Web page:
Friday, 1 July 2016

Kerala 21 #1: Ijaz Rahman

At Hamza Sagar House, near Padanna, Abdul Rahman is reeling under a triple blow. He still can’t understand why his two sons and their wives left home. Or why his wife’s nephew and wife are among those missing.

“My eldest son Dr Ejas and his wife, a dental student, took their two-year-old son away, too. Ejas’s wife was carrying their second child and preparing for her final-year exam. My second son Shias, a management graduate, left with his pregnant wife, a physiotherapist,” said Rahman.

According to the family, Shias and his wife left two months ago, saying they were moving to Mumbai in search of a job. The elder couple left last month, saying they were moving to Lakshadweep for better professional prospects.

“My sons had grown very religious. At home, they would recite verses from the Quran or listen to recorded religious sermons. They had no links with political outfits. Initially, they were drawn to the Salafi stream, but later became extreme conservatives,” said Rahman.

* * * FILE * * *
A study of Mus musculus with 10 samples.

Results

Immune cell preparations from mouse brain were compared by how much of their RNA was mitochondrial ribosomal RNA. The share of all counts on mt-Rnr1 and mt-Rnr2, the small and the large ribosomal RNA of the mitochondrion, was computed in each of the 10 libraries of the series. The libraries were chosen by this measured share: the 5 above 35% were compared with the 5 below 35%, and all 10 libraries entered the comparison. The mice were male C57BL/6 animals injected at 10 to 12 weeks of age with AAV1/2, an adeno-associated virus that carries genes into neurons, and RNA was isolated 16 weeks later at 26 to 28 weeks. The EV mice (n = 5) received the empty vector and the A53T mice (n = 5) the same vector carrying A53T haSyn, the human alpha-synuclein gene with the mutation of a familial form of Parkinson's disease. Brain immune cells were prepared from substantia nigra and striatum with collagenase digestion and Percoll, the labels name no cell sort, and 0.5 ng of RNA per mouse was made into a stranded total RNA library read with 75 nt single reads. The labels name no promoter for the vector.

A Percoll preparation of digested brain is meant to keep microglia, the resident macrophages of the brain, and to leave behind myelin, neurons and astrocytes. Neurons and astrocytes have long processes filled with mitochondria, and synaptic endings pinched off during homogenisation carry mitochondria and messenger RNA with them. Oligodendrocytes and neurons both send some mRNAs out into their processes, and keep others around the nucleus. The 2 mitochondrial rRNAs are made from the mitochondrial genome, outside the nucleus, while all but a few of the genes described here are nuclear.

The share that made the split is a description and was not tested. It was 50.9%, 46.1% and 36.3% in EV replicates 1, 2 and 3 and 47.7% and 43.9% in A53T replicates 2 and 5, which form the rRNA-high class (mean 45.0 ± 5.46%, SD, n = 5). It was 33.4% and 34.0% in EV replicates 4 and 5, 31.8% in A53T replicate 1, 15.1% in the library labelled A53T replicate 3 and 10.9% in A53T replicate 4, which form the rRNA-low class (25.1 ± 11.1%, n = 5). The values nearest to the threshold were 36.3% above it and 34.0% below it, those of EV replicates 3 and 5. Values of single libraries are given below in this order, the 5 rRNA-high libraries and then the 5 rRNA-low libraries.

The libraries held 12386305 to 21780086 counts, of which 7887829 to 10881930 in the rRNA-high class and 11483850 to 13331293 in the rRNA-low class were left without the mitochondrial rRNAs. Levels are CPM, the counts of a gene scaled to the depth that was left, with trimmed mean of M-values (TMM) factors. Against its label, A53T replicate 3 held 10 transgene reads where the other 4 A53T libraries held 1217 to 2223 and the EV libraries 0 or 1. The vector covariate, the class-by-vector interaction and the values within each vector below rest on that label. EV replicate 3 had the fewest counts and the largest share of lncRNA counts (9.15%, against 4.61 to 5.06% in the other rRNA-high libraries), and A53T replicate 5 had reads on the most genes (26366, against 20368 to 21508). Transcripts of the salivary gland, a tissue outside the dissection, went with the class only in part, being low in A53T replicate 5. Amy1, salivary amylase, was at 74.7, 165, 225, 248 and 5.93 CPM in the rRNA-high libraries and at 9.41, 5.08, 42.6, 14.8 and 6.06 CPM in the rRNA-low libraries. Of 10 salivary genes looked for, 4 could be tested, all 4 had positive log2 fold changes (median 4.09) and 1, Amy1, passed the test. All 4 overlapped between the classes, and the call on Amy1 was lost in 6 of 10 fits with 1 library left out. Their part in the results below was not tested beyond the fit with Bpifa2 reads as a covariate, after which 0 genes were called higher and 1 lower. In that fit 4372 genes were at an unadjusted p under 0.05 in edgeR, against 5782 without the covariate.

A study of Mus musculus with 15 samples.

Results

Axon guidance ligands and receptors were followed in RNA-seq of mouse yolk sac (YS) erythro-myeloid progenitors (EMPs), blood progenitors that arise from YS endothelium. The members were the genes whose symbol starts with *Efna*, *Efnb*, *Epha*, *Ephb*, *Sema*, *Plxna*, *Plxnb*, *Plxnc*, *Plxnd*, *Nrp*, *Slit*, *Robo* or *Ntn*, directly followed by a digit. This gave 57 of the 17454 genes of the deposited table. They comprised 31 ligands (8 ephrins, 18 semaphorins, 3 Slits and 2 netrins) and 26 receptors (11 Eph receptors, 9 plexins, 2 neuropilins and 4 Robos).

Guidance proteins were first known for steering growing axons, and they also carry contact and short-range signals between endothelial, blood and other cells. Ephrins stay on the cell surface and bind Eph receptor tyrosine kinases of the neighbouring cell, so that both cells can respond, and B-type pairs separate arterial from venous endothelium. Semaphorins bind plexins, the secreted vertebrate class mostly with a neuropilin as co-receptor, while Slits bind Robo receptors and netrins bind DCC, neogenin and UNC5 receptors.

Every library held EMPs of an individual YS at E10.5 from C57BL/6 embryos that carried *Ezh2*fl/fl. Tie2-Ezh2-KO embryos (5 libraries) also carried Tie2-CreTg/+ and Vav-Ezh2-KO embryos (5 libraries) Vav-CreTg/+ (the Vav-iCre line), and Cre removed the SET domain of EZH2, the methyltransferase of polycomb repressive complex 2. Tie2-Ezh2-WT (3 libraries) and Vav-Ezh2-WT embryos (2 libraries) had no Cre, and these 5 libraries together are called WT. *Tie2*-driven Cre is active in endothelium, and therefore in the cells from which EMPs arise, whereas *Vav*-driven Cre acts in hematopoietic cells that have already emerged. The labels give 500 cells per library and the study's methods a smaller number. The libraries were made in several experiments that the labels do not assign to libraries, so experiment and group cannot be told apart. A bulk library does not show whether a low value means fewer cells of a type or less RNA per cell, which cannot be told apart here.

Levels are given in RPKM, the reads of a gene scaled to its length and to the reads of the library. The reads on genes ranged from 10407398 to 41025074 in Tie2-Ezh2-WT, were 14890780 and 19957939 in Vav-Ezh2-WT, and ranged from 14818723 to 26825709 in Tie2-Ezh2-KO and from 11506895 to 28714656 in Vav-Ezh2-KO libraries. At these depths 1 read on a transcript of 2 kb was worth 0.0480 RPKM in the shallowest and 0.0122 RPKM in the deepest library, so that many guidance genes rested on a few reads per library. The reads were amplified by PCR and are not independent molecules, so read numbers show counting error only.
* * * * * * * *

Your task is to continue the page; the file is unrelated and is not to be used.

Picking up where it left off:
“They were against anyone reading newspapers and watching TV. They wanted me and others to grow long beards like them. They turned their wives into hardliners, too,” added Rahman, an NRI.

“The son of my wife’s sister, Ashthaf, is also missing with his wife and son. Ashthaf was 26 and was living with his wife, daughter and mother while his father is running a business in Mumbai,” said Rahman.

THE FAMILY WORST affected is from Padanna in Kasargod. Eight of its members—Ijas, his wife Rifaila, their two-year- old son Hayan, Ijas’ brother Shiyas, his wife Ajmala, their cousin brother Ashfaq, his wife Shamsiya, their 18-month-old daughter Ayisha—have gone missing. Sayyid Mujid, Ijas’ uncle, says, “My sisters have not slept or eaten for a month.” He says all the boys had been perfectly normal till two years ago. “The first thing we saw was them growing long beards. They also asked us not to go to the polling booth during the Assembly polls,” he says, adding that Bexson, Beston and another missing person Abdul Rashid Abdulla used to come home. “Once when they started conducting Qur’an classes at home, we told them we would not allow it,” says Mujid.